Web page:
How Machine Learning Is Developing Robotics

How Machine Learning Is Developing Robotics


Where are we at with robotics? What are the biggest challenges robotics is facing today?

In this post, we’ll first take a look at the robotics industry’s latest trends and challenges. We’ll also look at how Machine Learning (ML) can be applied in the real world in conjunction with robotics. Last but not least, we’ll provide a recent application of ML in the field of robotics that our Factored engineers did.

Let’s get to it!

The Robotics Industry: Where We’re At

As the Robotics Business Review recently noted, combining Machine Learning and 5G connectivity is a natural next step in the development of more autonomous robots. However, this requires the availability of robust robotics development and execution platforms—as well as robotics engineering expertise.

Therefore, even though more and more technology providers are offering robotics development ‘platforms’ that incorporate ML and 5G enablers, “development platforms alone are not enough to drive robotics innovation forward—at least not until the supply of robotics engineering talent exceeds demand.”

In fact, the significant shortage of engineers in robotics and Artificial Intelligence is hampering more sophisticated development and research.

Applying Machine Learning to Robotics

Machine Learning is a promising source of solutions to many robotics and industrial control problems. Supervised Learning and Reinforcement Learning can help control both the actions of robotic elements and the important variables of industrial processes. This is by producing dynamical models coupled with classical control techniques or by directly producing data driven controllers.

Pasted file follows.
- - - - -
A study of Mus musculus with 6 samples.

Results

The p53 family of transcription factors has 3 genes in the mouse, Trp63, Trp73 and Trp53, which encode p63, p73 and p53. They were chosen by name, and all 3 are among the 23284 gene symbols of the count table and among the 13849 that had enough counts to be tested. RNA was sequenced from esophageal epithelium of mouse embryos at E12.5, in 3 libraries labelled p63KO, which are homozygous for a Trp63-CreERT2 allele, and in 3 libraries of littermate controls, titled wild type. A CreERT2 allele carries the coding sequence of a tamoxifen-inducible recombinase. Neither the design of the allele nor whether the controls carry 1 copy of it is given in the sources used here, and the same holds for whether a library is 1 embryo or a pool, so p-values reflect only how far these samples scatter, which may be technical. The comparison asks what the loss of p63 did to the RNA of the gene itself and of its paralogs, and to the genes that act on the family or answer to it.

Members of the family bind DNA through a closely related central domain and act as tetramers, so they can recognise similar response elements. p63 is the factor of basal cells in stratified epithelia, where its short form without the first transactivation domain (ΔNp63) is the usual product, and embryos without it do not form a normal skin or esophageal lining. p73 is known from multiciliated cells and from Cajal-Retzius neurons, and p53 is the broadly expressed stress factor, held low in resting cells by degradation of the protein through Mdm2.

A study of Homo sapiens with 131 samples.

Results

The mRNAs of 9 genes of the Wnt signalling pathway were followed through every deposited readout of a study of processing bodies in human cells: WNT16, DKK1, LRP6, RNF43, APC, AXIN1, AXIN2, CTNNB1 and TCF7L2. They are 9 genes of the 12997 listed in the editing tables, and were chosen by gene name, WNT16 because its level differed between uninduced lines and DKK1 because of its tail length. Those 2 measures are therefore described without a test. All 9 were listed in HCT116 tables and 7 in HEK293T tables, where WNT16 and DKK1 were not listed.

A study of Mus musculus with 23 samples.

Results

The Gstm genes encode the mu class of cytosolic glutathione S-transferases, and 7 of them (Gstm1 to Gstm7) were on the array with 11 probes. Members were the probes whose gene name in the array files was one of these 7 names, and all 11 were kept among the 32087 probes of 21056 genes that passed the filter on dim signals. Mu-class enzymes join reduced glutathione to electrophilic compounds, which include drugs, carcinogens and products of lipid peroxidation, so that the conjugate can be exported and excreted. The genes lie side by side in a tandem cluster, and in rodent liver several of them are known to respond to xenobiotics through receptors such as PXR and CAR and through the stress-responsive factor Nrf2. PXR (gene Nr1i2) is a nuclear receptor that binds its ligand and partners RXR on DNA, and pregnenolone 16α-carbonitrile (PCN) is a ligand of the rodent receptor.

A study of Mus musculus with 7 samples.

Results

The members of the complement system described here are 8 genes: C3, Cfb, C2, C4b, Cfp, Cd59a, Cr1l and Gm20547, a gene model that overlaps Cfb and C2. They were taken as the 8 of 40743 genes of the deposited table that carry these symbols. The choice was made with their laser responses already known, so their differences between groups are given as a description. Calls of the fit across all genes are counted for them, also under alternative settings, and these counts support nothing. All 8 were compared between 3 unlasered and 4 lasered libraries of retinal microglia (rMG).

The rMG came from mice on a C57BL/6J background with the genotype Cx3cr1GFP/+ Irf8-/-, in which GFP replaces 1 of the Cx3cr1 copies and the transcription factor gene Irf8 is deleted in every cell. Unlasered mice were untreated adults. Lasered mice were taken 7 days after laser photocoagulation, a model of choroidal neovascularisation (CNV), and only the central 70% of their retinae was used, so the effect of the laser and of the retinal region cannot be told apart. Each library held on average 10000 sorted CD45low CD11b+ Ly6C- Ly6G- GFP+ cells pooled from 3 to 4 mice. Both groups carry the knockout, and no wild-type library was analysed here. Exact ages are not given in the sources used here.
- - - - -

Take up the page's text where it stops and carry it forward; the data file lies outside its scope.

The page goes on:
Much of the current Machine Learning exploration in system control is directed towards regulation. That is, making a system reach a state with little regard to the path it followed to get there. But in many applications—and especially in robotics—the trajectory followed by the system is just as important as the final destination. This requires a more sophisticated type of control.

Think of a robotic arm that is drawing or painting something; the arm has to accurately follow a very specific trajectory for the final result to meet the requirements. Classic Control Theory has studied trajectory control for a long time, and it usually assumes there’s a good dynamical model of the system to use to design controllers.

However, it’s not always easy to get a dynamical model of a complex system just from mathematics and first principles. This is where Machine Learning plays a huge role. That’s because Machine Learning can approximate a good model or even produce a controller without the need for a dynamical model at all.

Putting It In Practice

Recently, a team of Factored engineers participated in the robotic track of the Learning by Doing competition of NeurIPS 2021. This track of the competition asked participants to design controllers for different kinds of simulated robotic arms so that their effectors (robotic arms’ ends) follow a desired trajectory.

The team of Factored engineers used simple techniques based in Linear Algebra, Statistics, and Machine Learning to propose controllers for these robotic arms. The team achieved third place in the competition. They used concepts and techniques like linear regression, polynomial regression, covariance, and singular value decomposition.

One of their findings was that properly handling unrealistic predictions for the control actions was very important. They used statistics and linear algebra to implement a smarter clipping strategy when the predicted control action was far away from observed data.

Admittedly, their results were mixed. They were able to follow some trajectories really well, while others threw off their controllers. The fact that they reached third place while failing in some of the trajectories is telling of how difficult the task was. In general, they found that data-driven control of robotic elements is still challenging when the task is trajectory control as opposed to simple regulation.

The Bottom Line

Machine learning and robotics are set to change multiple industries—but only if they have the talent they need to put these technologies in place. Thankfully, Factored has the expertise to help companies be at the forefront of this change.

Book a meeting today to discuss how Factored machine learning engineers can help you augment your processes with machine learning.